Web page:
31/10/2018 by Byron Jacobs
Book Excerpts
Hand Analysis

People occasionally complain that (for example) $35 is a lot of money to spend on a poker book. My stock reply is that if you learn JUST ONE THING from a book that you subsequently put into practice, then you have almost certainly got your money back. If you learn dozens of things from a book, then… well, you do the maths.

We would like to thank Lew, who has written in explaining how a D&B book made him (or perhaps more accurately, saved him) a decent sum of money in a cash game. Being a sensible sort of person who likes to work on his poker game, Lew has read Jonathan Little’s Mastering Small Stakes No Limit Hold’em and was struck by a piece of advice on page 175, “As when deep stacked, when the initial raiser is tight, you should play a snug strategy. There is no point in trying to bluff someone who has an overly strong range because they will not fold.”

Lew recounts the following hand played at $1/2 with an effective stack of $200.

“The villian is an older gentleman, very tight. He opens my button to $8 from mid position. He folds frequently to three-bets so, with 76 I raise him to $25. He calls and the flop comes 5J2. He checks, I c-bet $20 and he calls.

“The turn brings (5J2)T and we both check.

“The river is the 9, so now we have a board of 5J2T9. Everything got there! Flushes, straights and probable two pair hands. The tight gentleman checks to me again.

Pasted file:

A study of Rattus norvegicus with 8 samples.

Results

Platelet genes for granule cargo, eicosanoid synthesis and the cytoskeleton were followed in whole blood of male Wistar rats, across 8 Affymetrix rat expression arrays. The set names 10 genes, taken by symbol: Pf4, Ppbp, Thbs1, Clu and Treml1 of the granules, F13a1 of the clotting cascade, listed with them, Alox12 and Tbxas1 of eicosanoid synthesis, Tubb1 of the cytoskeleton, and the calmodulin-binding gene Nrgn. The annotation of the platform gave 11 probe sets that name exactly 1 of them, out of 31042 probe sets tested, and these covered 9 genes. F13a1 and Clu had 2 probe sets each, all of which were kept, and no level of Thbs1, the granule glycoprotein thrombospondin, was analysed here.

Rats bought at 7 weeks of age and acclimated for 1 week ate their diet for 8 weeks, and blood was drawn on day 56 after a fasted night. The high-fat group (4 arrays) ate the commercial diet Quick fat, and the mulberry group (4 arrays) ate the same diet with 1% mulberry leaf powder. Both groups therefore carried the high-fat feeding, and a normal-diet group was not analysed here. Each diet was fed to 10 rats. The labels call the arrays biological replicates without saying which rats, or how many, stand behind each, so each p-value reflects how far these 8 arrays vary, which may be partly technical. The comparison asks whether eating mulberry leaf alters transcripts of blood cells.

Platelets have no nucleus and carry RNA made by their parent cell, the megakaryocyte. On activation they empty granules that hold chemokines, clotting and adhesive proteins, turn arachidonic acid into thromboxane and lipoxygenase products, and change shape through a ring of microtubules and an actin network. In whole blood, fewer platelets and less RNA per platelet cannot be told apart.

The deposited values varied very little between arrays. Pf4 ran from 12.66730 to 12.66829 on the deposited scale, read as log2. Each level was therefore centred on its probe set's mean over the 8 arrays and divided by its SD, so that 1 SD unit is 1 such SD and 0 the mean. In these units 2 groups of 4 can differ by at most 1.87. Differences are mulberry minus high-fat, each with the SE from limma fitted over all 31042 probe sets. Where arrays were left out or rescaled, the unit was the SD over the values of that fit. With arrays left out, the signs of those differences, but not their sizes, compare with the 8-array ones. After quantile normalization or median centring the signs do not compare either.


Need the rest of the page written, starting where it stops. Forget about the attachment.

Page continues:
”So, he has now checked to me three times and there is a very scary run out. I would normally consider this to be a home run bluff but, right in this moment, I thought back to the foresaid quote in Jonathan Little’s recent book. “Can I really get him off an overpair?” I ask myself.

“With the pot at approximately $100, I need to bet big to maximize my chances of getting a fold. But Little’s words kept stubbornly coming back to me… “When the initial raiser is tight, you should play a snug strategy.” After a pause, I check. He shows red queens and I muck. He then turns to me and says “I didn’t want to call, but I sure as hell wasn’t folding!”


All you need to do is tell us about a piece of advice from a D&B book that you can identify as specifically having helped you to improve your game:

• Maybe it helped you to make a better decision in a cash game? • Maybe it enabled you to go deeper in a tournament? • Maybe something else…?

Tell us: 1) Which book it was and the piece of advice. 2) Describe the hand or situation where it helped you.

It doesn’t have to be a long piece. 150-200 words is fine. The best replies will be PUBLISHED IN OUR MAGAZINE and the readers sending them in will RECEIVE A $30 VOUCHER to spend on our site.

Simply send your email to: [email protected] and put ‘ADVICE’ in the subject header. We look forward to seeing your contributions!